Slow progress is still progress.

It’s been a while since the last post and it is great to say that the time was spent doing something incredible. More about that at the bottom of this post my friends.

Although finding the time to sit and draw of an evening can be a challenge when working, the days are long, it’s really only the pace of things that changes. This drawing above has taken some time as a consequence, at least it feels very much like that. When you’re in the groove, getting these things finished has a most satisfying pace to it. If things are a bit rusty or periods between drawing are lengthy and sporadic it’s very much a different story. An apparently inordinate amount of time seems to be spent staring at the page wondering what to do next. And then, when you’re ready to put pen to paper a wave of unfounded nerves descends as if to ask, “are you sure you want to do it like that?”. Known in my lexicon as “scribblers block”, it is a battle royal sometimes to get out of it and break the cycle. One has to accept it and work through it, though it can be a kind of agony at times.

As mentioned elsewhere on the blog, there are lots of little strategies to get over it. Switching between a number of drawings is one, getting a sketch pad out and going nuts for five minutes or so is another. Getting out of the chair and going for a short walk helps too. Whatever you do it becomes easier as time progresses and can even be used to limber up or refresh the mind even when things are going great.

This drawing continues with one of my current themes which is playing with chassis forms which are enclosed or wrapped. Granted it doesn’t allow as much detail to come through from the engine but, this is not an issue frankly. It gives the bikes a cohesive form factor which pleases me greatly. By keeping bodywork shading to a minimum the aim was to get the eye to focus on the stark contrasts that run from right to left. I hope you like it.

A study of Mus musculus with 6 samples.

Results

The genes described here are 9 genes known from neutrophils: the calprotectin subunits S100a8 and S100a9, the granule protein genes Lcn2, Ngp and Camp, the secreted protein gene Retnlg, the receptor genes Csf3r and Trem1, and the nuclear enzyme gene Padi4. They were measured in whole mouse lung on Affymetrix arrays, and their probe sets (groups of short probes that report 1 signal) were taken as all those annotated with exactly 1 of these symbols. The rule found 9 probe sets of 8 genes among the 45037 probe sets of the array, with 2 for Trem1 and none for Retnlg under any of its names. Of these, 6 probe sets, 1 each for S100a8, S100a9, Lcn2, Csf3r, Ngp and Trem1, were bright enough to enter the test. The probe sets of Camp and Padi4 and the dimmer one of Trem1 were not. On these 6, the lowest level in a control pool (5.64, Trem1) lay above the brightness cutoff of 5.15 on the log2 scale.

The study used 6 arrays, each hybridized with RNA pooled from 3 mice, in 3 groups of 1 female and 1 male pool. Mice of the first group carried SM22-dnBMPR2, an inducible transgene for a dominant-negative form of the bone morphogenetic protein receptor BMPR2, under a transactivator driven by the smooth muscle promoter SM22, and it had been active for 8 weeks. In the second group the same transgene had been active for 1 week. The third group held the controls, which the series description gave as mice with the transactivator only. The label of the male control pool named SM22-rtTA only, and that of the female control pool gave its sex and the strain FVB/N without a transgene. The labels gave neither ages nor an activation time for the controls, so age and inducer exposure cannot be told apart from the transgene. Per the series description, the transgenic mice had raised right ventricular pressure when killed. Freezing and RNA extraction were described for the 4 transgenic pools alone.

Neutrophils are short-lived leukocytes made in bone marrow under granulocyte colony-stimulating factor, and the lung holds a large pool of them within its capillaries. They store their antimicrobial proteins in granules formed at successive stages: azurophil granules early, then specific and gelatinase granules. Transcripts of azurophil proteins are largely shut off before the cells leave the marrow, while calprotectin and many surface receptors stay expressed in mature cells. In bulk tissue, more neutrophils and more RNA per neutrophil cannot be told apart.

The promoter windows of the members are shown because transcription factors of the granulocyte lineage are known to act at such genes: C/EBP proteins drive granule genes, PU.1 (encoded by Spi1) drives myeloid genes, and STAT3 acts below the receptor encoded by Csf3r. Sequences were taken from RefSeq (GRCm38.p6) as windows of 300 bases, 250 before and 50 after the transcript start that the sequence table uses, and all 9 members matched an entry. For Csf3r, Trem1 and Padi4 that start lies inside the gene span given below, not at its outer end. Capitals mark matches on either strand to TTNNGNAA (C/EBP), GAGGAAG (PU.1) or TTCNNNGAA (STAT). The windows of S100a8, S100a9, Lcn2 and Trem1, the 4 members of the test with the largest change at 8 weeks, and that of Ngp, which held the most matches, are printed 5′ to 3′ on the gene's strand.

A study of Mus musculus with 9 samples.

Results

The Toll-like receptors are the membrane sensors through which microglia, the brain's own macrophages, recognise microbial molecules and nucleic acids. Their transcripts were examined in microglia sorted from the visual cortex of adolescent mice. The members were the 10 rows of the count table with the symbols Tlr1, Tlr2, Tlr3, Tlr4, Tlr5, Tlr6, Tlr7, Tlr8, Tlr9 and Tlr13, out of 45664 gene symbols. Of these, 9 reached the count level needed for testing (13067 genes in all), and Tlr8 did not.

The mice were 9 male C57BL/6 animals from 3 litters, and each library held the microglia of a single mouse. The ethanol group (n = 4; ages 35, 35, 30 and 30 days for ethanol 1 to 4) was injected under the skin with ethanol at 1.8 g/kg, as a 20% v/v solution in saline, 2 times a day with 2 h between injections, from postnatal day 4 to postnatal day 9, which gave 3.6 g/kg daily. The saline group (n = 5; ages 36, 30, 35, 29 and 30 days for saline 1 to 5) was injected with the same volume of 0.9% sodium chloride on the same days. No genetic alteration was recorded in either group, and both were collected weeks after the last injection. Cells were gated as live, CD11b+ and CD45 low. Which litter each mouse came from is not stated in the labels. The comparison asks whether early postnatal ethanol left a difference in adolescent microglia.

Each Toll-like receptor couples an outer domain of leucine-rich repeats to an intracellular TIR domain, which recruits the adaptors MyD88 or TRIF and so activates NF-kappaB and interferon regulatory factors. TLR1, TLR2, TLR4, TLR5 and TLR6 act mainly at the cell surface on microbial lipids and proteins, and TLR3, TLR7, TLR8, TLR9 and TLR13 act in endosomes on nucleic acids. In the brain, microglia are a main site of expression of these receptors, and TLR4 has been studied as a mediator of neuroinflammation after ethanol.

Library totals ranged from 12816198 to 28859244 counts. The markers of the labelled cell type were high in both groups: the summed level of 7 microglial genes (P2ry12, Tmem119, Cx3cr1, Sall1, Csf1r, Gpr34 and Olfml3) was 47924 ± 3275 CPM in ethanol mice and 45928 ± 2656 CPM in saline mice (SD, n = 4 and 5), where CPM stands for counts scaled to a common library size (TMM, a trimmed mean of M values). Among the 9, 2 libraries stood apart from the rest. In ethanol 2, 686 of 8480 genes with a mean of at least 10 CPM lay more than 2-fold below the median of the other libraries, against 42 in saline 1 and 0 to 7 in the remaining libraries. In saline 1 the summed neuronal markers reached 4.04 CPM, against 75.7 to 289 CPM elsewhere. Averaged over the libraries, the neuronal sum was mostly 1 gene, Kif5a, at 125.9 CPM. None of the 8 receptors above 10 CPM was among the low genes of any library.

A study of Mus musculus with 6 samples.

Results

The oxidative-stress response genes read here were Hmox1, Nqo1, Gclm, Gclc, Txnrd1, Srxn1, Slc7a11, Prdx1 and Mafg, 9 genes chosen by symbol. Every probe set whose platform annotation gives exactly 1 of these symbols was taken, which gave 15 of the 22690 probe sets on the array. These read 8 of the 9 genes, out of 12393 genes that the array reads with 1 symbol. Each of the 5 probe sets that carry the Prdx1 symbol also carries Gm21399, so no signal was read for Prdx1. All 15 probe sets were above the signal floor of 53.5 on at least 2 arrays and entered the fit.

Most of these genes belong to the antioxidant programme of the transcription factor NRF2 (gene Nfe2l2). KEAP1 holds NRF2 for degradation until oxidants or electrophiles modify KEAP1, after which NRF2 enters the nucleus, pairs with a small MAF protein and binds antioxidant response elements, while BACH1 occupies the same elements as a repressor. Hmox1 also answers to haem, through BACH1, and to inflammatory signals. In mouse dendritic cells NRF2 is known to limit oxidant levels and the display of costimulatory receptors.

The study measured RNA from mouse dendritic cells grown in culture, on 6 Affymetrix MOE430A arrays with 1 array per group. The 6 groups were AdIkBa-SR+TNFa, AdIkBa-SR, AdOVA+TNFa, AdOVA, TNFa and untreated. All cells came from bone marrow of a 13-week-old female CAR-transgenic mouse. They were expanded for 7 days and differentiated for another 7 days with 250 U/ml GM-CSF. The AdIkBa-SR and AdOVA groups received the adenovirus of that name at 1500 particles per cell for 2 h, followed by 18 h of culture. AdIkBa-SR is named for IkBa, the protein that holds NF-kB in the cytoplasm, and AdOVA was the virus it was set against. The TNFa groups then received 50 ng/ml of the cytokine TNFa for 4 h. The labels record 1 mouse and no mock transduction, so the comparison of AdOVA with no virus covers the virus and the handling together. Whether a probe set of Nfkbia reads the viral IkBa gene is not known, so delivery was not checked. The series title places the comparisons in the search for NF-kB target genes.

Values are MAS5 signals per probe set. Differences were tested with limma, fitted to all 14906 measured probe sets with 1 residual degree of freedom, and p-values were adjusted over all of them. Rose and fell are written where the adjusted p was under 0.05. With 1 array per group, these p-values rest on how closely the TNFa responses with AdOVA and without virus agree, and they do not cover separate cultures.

You will recognise this other image from the previous post. it’s coming along nicely and work will be continuing apace to finish it soon. It’s a strange thing but this drawing says something different every time one looks at it, particularly as it’s not finished yet. Maybe it will find its voice when done, but then again…….

Now, as promised a quick bit about what work was keeping the author from his doodles. After all this is meant to be a blog as much about making as drawing. Certainly what we’ve been working on fits into the amazing category in my book as it’s been as much a learning experience as just another job. Anyway, my friend Mandy Smith, a modelmaker of considerable skill, and I have been busy making plastic chocolate for an advertising campaign. This strange endeavour has introduced me to the world of resin casting, making silicon moulds and making double castings. At first encounter this process appears quite complex but after initial ignorance is overcome one begins to see that like many things in this field it’s as much about being methodical as much as grasping huge levels of technical knowhow. It was fun and when the time is right there will be something about it featured here on the blog, but currently confidentiality prevents me from showing more. If this tickles your interest and you’d like to learn more about what we do you can visit Mandy’s site here:

 http://cargocollective.com/mandymaker#1656991/About. 

There are some more works in progress to show and tomorrow I want to play with some paint so who knows what the next post will contain.